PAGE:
When the Champagne maison peeled back the layers with a Chef Encounters stopover in Jaipur and some dishes to celebrate the humble bulb
There’s a symmetry at the heart of Krug’s annual Chef Encounters trips, which bring together their cellar master (chef de cave) and chef ambassadors (ambassades). Each trip focusses on a single ingredient and the chefs use their imagination to create dishes that elevate the simple into something striking — all to be paired with the Krug Grand Cuvée and Krug Rosé. In 2018, they travelled to Mallorca where fish was the focus. 2019 saw Oaxaca and its piquant pepper taking centrestage. Last year, just before the pandemic put an end to international travel, 11 chefs visited India, specifically Jaipur, to celebrate the humble onion.
Julie Cavil, Krug’s new chef de cave (she took on the role early last year) explains that each excursion is similar to the maison’s Champagne-making philosophy, of “paying close attention to the vineyard’s character” and of “respecting the individuality of each plot and its wine” so as to allow each year’s cuvée to shine.
A winning cuvée
2020’s epicurean getaway — with names such as Tristin Farmer, executive head chef of Michelin two-star Singapore restaurant Zén, and Hiroyuki Kanda, owner-chef of Michelin three-star restaurant, Kanda, in Tokyo — had an Indian in the ranks. Chef Prateek Sadhu, the chef-partner at Mumbai’s Masque restaurant, is the first Indian chef ambassade for Krug. “Obviously, it was a huge honour. It was so humbling just to be around all these amazing and great chefs,” he exclaims, recalling celebrating Holi in Samode, eating dal baati churma in Jaipur’s street stalls and enjoying flutes of Krug Grande Cuvée in the midst of onion fields. His restaurant is one of the few in India to serve Krug.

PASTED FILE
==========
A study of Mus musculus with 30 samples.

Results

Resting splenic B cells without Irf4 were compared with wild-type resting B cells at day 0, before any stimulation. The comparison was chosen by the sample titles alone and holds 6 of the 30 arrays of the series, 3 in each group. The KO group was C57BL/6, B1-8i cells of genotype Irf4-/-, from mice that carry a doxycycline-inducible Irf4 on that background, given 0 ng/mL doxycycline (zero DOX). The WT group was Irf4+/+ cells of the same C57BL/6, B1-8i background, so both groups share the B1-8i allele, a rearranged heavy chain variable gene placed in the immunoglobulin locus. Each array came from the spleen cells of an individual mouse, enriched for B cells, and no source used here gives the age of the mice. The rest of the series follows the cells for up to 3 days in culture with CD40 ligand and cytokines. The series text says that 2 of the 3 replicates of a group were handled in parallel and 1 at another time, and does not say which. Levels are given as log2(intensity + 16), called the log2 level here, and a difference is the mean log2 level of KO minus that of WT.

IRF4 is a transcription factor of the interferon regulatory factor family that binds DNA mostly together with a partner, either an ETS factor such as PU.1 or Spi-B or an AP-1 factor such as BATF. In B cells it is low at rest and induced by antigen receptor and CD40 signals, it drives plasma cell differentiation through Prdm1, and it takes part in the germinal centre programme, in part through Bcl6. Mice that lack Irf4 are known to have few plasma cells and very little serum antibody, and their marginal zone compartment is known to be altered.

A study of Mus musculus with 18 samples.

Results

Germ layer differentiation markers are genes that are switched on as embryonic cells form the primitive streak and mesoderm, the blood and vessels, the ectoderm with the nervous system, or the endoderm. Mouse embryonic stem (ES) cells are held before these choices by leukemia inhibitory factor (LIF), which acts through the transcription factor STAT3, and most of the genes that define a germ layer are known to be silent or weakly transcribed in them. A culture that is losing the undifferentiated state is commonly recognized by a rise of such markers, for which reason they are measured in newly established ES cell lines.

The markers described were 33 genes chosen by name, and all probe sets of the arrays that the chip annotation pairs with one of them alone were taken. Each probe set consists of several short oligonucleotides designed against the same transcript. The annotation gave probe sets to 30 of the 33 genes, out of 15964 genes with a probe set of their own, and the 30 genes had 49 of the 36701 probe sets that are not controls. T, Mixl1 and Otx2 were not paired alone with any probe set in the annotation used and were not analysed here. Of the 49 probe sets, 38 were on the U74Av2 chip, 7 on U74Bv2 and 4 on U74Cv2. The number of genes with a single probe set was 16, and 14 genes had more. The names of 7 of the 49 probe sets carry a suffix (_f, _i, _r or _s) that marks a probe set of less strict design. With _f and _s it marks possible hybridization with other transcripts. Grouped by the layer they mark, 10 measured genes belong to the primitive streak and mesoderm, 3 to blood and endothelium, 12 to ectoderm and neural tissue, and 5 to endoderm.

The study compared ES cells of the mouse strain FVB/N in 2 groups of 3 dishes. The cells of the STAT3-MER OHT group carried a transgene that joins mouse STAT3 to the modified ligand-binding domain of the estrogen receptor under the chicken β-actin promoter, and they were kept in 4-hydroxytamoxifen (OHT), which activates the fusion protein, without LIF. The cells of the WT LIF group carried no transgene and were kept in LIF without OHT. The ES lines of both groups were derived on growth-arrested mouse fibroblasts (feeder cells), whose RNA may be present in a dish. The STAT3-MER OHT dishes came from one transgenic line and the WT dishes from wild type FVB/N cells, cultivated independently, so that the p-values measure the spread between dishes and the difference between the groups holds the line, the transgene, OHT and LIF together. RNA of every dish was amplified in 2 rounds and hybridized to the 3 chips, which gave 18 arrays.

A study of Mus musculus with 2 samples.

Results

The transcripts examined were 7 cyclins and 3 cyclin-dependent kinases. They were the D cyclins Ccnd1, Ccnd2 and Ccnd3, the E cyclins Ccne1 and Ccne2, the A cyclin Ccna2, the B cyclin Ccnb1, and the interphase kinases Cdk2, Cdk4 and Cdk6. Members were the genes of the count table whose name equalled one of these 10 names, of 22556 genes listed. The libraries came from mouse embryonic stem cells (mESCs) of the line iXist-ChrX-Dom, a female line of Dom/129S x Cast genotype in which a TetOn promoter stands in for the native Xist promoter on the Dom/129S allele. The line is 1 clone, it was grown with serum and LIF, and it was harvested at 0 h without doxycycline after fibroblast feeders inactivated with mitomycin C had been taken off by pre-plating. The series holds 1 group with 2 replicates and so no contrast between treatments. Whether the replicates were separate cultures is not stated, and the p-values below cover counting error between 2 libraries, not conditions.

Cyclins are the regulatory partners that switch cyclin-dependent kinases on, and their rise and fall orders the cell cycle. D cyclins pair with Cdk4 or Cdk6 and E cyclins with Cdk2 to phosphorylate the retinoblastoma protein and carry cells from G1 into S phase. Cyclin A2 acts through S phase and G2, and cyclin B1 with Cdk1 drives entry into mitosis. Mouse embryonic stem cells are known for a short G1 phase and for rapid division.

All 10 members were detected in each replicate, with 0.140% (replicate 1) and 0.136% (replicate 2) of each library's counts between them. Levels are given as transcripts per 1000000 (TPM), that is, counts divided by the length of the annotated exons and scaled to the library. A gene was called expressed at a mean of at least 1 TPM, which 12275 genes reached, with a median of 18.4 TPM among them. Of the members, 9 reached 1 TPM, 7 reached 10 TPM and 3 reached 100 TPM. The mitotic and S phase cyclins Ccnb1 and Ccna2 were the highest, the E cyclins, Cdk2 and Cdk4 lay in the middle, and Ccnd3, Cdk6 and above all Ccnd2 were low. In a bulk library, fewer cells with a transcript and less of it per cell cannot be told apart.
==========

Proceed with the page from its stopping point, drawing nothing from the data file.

Given its price tag (₹21,462 for a bottle of Grand Cuvée in Mumbai), Krug is a niche product. Moët and Chandon, which retails for about ₹8,163 (in Mumbai), is the front-runner in India’s Champagne market.
Pink City guide
- Sadhu donned the role of de facto tour guide in Jaipur. “I felt an unsaid responsibility and kept saying, ‘Let me take over, let me tell you, let me do this’,” he recalls. After a day spent in the city, they discussed parallels in cooking in each one’s culture, such as dried fish — be it bonito flakes that are an integral part of Japanese cooking or coastal India’s preservation of fish as suke. However, the highlight of the trip was introducing “chefs that are on top of their game, running these top Michelin-starred restaurants” to kachoris and a kite-flying experience!
Distributors share that the bubbly hasn’t seen the kind of growth that other segments such as spirits and beers have over the last couple of years, because every bottle, with its attendant taxes, has to be imported. As a result, Krug is targeted at HNWIs (high net worth individuals) who are willing to pay for quality.
However, Sadhu, says the maison’s offerings are a great fit for Indian food. By avoiding malolactic fermentation (MLF) in which the tart malic acid, naturally present in freshly-crushed grape juice, is converted to a softer-tasting lactic acid, the final pour still tastes fresh and vibrant. And therefore “pairs well with the food that we serve at Masque, where the flavours are very Indian”.
Meanwhile, for the brand at large, 2020 was about moving online. Cavil says, “Last year, we quickly adapted to the situation with digital experiences called Krug Connect, which allowed us to continue to host events and reach out to our network of Krug Lovers while respecting social distancing. We also worked closely with chef partners to create videos, tutorials and social media takeovers so people could get to know the chefs while also having a more inspiring culinary experience at home.”
- Sadhu’s Krug x onion collab was a lamb tripe dish with braised Madras onions, topped with red onion oil and katlam (a flaky Kashmiri bread). He says the idea stemmed from a dish his mother made (using tripe, chillies and praan, a wild shallot found in high altitudes).
Ultimately though, it is the onion that created the best memories. Ambassade Angus McIntosh Jr, executive chef of The Farm at Brush Creek Ranch (Saratoga, Wyoming) remembers how his father would smell of onions when he would hug him after work. “To this day, the scent comes back to me every time I come into the kitchen and put on my apron,” he says. For Sicilian chef Ciccio Sultana, the allium brings a moment of self-identification. “I like to think I identify with the onion. My homeopath even tells me I share its sulphurous character; I like to lead but I do it with love to create an environment where people enjoy what they do rather than follow orders,” he concludes.